Esperance Tjaltjraak Native Title Aboriginal Corporation (ETNTAC) will be able to create an accessible hub for the local community, after being granted a new home by the Indigenous Land and Sea Corporation (ILSC).
The organisation, which represents the Traditional Owners of Esperance Nyungar country, applied for funding for the purchase and fit-out of an Esperance property to enable it to bring all its services under one roof and plan to expand operations in the future.
ETNTAC CEO Peter Bednall said their new home was more than just a building.
“We are creating a community-owned space,” he said. “It’s a meeting place to foster cultural, social and environmental values, and we need bricks and mortar to deliver that.
“This place will be a hub for the community and enable us to positively engage with our members to strengthen cultural ties.
“We take a holistic approach to reaffirming our members’ connection to country while empowering participation in culturally secure business enterprise, and this new base will underpin our sustainability.”
The ILSC has granted ETNTAC $759,000 to acquire and redesign the property, which is located at the Activ Foundation’s former site in Esperance.
With a permanent base and additional storage space, ETNTAC will be able to implement plans to employ up to 25 additional Indigenous rangers and other staff as part of its Tjaltjraak land and sea enterprise programs.
ILSC Group CEO Joe Morrison said assisting the continued growth of ETNTAC was a great example of the corporation fulfilling its purpose to support the land needs of Indigenous Australians.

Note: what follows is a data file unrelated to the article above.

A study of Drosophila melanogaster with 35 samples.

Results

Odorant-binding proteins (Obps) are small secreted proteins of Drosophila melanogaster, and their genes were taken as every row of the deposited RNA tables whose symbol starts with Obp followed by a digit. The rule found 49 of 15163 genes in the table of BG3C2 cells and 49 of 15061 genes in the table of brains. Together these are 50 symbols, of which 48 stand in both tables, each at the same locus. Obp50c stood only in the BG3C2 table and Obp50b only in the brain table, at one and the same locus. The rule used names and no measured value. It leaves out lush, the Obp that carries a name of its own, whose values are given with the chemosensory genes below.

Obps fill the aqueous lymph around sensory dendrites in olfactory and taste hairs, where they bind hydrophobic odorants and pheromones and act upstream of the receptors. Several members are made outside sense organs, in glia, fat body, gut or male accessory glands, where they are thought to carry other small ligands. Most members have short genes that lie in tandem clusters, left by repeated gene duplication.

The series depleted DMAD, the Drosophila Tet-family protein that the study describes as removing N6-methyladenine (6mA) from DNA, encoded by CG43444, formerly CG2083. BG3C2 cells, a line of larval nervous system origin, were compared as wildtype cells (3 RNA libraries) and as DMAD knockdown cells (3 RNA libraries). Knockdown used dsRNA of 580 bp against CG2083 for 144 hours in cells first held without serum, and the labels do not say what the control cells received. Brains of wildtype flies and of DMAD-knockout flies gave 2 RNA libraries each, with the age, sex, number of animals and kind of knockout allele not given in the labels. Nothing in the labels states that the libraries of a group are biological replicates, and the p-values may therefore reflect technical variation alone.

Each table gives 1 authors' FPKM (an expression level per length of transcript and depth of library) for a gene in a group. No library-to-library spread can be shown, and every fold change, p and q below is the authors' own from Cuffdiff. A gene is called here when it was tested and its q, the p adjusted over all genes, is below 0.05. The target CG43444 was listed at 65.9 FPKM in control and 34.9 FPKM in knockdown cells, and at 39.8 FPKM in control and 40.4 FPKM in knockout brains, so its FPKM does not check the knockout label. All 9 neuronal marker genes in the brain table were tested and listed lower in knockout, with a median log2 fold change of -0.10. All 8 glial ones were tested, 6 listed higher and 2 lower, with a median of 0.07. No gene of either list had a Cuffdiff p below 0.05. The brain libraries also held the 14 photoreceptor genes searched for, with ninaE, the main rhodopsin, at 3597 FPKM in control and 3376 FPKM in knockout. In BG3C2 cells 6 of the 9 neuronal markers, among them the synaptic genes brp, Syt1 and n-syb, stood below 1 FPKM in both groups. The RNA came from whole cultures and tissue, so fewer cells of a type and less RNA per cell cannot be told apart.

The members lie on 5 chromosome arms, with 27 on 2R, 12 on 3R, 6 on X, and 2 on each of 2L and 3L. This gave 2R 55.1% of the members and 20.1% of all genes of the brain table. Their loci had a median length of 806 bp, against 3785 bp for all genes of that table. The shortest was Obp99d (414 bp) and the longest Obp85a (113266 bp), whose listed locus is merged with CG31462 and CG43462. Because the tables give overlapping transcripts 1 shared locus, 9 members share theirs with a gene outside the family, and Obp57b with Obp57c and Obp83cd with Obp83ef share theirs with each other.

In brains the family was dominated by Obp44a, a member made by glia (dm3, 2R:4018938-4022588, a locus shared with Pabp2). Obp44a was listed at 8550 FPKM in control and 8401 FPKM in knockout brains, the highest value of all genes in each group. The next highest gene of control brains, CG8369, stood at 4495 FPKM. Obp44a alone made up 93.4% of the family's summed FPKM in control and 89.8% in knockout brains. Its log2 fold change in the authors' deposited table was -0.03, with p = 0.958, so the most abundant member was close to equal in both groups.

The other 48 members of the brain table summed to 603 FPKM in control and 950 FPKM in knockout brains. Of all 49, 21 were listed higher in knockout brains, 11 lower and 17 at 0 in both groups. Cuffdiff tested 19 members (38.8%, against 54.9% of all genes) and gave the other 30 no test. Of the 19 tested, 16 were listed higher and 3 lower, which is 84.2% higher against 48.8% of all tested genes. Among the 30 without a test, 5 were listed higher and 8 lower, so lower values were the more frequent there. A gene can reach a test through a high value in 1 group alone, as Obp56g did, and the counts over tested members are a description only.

“The role of ETNTAC as a vehicle for Traditional Owners to be agents for enterprises on their country is vital and its success evident in the growth of its land and sea enterprise programs,” he said.
“The ILSC hopes this new permanent home creates greater security while continuing to support Traditional Owners realise their cultural, social and economic aspirations in the Esperance region.
“While the ILSC is proud to have played a role in supporting the achievement we must also acknowledge the leadership of ETNTAC who identified and secured an asset that will support their future expansion.”
ETNTAC chairperson Gail Reynolds-Adamson said the new base would enable the organisation to carry out its core mandates.
“Our ancestors successfully managed country in a sustainable way for thousands of years,” she said. “In the new era of Tjaltjraak, we are rebuilding our relationship with country and rekindling cultural practices, and now we have a new home to enable us to do this.”
The property’s storage facilities will be used for farming equipment and as a seed storage and processing area for the Tjaltjraak rangers’ new seed collection enterprise, while the money saved on rent will allow the organisation to expand its operations.
A divestment ceremony is being held on country on Tuesday, 27 July to officially hand the property over, which will include a smoking ceremony, Welcome to Country, cultural dance performance and tour of the facility.